As I hike along the Stockton Creek Preserve trail on a winter day (or what we call winter on this 75 degree Junuary day), I’m reminded of all the incredible work we’ve achieved together at Sierra Foothill Conservancy. I hear the ruckus of an acorn woodpecker colony and catch fleeting glimpses of brilliant Western Bluebirds feasting on mistletoe berries, and it gets me every time — the tremendous gift of knowing that this place is conserved and will remain habitat for those birds, a place for people to connect to the outdoors, and a beautiful open landscape forever.

 I grew up in Mariposa just down the road from a ranch to which my mother and I would walk. We’d bring carrots and feed the horses through the fence, talking with the cowboys about their cattle work. We drove by that ranch every day going to school and watched the seasons transition on its rolling hills from fields of wildflowers, to golden hills, to green pastures and running streams. In my early 20’s, when I found out Sierra Foothill Conservancy had worked with the Long family to ensure that that ranch would always remain the beautiful open space I grew up admiring, I couldn’t believe we had an organization doing such incredible work in my own little community and I knew this work was critical and that I wanted to contribute to local land conservation.

I started as a SFC member and volunteer inspired to get the word out about the work and I quickly moved into a staff position, starting in outreach and then becoming SFC’s Conservation Director developing our land acquisitions. Over the last seven years, I’ve had the pleasure of working with landowners, agencies, policy makers, donors, members and volunteers to conserve and steward beautiful central Sierra lands.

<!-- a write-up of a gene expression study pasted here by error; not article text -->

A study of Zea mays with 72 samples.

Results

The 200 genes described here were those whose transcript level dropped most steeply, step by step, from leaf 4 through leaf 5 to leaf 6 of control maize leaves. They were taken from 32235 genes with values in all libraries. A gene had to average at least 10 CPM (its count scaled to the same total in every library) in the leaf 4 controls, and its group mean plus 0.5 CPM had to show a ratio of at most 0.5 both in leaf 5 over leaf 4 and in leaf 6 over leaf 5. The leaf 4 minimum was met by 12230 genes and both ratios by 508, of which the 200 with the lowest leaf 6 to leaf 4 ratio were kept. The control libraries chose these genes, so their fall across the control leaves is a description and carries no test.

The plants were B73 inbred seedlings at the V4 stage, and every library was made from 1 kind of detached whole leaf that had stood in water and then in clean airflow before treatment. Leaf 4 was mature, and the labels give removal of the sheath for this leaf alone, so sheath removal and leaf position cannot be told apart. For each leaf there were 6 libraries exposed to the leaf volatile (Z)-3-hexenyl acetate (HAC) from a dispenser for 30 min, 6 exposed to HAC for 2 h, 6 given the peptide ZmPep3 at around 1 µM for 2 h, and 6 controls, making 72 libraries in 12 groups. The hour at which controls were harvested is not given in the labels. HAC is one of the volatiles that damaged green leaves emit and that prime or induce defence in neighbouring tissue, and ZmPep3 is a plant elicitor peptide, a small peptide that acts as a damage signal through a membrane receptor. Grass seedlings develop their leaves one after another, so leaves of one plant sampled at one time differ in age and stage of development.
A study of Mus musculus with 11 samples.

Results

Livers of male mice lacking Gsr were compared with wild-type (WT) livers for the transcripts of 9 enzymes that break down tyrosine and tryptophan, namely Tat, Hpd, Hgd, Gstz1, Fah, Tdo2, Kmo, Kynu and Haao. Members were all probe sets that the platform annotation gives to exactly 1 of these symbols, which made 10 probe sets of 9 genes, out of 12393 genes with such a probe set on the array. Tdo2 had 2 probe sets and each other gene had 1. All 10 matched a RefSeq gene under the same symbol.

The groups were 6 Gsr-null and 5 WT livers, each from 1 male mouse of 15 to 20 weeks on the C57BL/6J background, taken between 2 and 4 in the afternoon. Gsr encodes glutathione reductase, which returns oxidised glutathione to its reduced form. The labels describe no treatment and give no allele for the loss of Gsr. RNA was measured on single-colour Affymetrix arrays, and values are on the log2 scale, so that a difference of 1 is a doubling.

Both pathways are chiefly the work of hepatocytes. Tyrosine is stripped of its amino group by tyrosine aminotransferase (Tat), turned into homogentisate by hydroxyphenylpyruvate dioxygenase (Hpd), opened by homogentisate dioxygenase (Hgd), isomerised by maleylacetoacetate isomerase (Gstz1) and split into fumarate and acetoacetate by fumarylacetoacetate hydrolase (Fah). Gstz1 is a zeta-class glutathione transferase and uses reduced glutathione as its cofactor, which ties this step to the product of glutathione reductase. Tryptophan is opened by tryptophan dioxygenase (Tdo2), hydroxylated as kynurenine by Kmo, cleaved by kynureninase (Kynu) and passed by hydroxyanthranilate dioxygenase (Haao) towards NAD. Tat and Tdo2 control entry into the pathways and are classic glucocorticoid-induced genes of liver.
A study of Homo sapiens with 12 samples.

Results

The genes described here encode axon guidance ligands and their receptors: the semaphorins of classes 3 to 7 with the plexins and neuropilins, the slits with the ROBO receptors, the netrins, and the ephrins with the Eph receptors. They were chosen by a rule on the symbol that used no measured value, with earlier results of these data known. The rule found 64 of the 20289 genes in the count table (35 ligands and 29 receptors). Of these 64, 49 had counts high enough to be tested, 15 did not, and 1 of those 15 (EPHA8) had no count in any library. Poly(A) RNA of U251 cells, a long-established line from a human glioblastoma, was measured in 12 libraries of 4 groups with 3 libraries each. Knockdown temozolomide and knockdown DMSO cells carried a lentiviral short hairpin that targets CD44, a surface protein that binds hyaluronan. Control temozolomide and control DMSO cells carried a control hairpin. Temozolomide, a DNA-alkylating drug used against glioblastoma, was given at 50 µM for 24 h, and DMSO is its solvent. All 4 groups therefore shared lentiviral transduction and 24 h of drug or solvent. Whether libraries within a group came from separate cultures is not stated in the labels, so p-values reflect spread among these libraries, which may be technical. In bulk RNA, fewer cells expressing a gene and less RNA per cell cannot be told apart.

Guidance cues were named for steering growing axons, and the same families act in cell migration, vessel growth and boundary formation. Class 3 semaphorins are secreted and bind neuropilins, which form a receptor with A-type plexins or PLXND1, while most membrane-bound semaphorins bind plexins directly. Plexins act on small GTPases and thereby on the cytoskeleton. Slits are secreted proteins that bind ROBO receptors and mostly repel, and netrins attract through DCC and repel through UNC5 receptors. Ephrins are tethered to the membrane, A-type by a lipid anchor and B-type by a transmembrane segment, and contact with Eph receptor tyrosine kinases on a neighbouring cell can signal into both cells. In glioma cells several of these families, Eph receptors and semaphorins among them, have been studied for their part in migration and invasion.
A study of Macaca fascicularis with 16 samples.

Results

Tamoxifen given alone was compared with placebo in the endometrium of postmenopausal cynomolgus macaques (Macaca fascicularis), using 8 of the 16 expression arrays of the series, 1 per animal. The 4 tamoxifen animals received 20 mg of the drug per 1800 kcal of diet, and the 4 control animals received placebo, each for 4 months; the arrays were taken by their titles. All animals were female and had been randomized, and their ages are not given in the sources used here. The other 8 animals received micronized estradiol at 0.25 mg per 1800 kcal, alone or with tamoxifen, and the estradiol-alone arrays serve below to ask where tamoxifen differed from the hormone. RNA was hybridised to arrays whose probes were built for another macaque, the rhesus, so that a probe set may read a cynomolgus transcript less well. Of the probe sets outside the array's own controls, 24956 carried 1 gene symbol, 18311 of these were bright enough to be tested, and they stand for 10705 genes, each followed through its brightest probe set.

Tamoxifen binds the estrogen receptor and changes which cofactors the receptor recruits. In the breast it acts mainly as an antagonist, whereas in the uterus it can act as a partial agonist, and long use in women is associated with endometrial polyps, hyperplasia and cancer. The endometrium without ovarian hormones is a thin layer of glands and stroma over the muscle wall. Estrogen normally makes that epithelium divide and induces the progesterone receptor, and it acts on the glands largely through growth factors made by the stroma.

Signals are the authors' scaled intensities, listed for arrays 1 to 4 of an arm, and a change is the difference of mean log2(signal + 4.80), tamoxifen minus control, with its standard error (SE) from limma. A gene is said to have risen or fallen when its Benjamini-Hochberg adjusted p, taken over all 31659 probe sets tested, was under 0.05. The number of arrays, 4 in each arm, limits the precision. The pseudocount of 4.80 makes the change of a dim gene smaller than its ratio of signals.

One of the things I love most about Sierra Foothill Conservancy is that we are bridge builders. In a world that is increasingly polarized, SFC spans the gap between groups that are often divergent.  We work with individuals from diverse communities across agencies, as well as with ranchers, environmentalists, utility districts, non-profits, foresters and others. SFC’s work is to find the links between these groups and to meet the common goal and shared value of saving land.

SFC has grown tremendously over the last 19 years. We’ve developed from an all-volunteer organization in 1996 to a staff of 13 today, with a 14 member Board of Directors. We are recognized throughout the local region, our state, and even at the national level as a leader in land conservation.  While we were sad to say goodbye to our outgoing Executive Director, Jeannette Tuitele-Lewis, we are extremely grateful for her tireless work to develop our organization. Under Jeannette’s leadership, SFC achieved National Land Trust Alliance Accreditation and was hand-selected for the Land Trust Alliance Western Leader’s Cohort. I am delighted to take up the torch as Executive Director and to carry forward the good work of Sierra Foothill Conservancy into its next phase. 

SFC has a skilled and inspired staff, and a dedicated Board of Directors. 2015 is certain to be another year of great conservation success. I look forward to working with all of you and our partners to contribute to the conservation and improvement of the central Sierra region, SFC’s mission, and the lands we’ve conserved together that inspire me daily. It is a great honor to lead this organization into the next phase of growth and achievement for the land and people of my home region.